A delicious mouth watering steak prepared on the grill. It is tender to the touch with a slight hint of Jalapeno pepper taste. It gives you the flavor of the pepper without the burn. Many people appreciate this attribute. When I cook this recipe, the steak is so tender, you can cut through it with a fork.
Adam ate the apple, but he may well have wanted it to make this tangy steak.
Make this tangy steak tonight, and claim your share of the 55 million tons of apples produced in the world each year. It would take 18 million Ford F-450s to haul them all.
A tangy, sweet steak recipe. Apples gave the Norse gods everlasting life. Can't promise that, but maybe you'll throw a thunderbolt or two after eating this.
A tart steak that might make you smarter: Apple juice has slowed brain decay in mice. Maybe you ought to make extra?
Grill up this tangy steak and do Washingtonians a solid. 60% of U.S. apples come from the Evergreen State.
A sweet steak, thanks to the forbidden fruit of apples. Who cares about the Garden of Eden anyway, they didn't have football there.
Sweet steak with a little bite to it. Remember why you stole apples from the neighbor's tree in the first place? For that sweet first bite. Same deal, but with steak this time.
Heat up this flat iron with a dose of chili powder.
A classic American meal with a true American original: Chiles were unknown outside of America until Columbus came.
A steak that works as an elephant repellent. True fact: African farmers surround their crops with chile plants to keep elephants away. The same heat that makes our tongues burn upset the elephants' keen sense of smell.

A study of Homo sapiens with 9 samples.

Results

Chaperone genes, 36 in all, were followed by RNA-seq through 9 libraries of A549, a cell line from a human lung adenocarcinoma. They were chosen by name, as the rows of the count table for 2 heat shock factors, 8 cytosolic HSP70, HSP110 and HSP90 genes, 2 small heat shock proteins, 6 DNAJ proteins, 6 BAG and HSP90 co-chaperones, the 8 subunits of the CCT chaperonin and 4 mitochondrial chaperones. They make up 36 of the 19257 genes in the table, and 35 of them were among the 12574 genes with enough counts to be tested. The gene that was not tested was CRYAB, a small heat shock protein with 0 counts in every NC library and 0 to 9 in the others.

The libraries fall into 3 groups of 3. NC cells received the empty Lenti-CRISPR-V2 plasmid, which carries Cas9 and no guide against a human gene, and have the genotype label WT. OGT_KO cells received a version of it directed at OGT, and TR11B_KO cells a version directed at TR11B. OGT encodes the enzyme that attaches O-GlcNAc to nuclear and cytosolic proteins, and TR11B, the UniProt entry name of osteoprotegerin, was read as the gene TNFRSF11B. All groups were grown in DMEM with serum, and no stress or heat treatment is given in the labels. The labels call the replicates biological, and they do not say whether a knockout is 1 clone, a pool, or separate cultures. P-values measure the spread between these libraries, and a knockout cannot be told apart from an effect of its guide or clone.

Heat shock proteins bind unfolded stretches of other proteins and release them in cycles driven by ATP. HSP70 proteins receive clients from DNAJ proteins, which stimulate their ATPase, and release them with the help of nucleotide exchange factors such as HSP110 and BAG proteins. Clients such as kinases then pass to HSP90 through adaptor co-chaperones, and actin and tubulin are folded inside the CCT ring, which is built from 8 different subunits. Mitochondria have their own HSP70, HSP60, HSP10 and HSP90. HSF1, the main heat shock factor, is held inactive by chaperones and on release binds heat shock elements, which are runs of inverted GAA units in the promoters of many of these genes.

Finish off your grilled T-Bone with a heapin' helpin' of spicy butter. You never go wrong with butter.
Chili powder is a versatile all-star, like a good-hitting utility ballplayer. Here, mix with butter for a spicy strip steak finish.
The finest of steaks gets a finish worthy of its magnificence.
An All-American taste for an All-American meal. Columbus found chiles here, named them peppers, and now they've become part of nearly every cuisine on Earth.
Grab the nearest bottle of whiskey (you do have a nearby bottle of whiskey, don't you?) and make this simple no-cook marinade that gives your steak an extra hint of woody sweetness.
A tasty steak and a good excuse to buy a bottle of whiskey--you'll have plenty left over after making this marinade.
A thick steak like Porterhouse deserves a bold marinade. Doesn't get much bolder than whiskey.
Bring this New York steak back to its roots, with the traditional colonial drink of whiskey.
This steak is a little bit country, a little bit classical.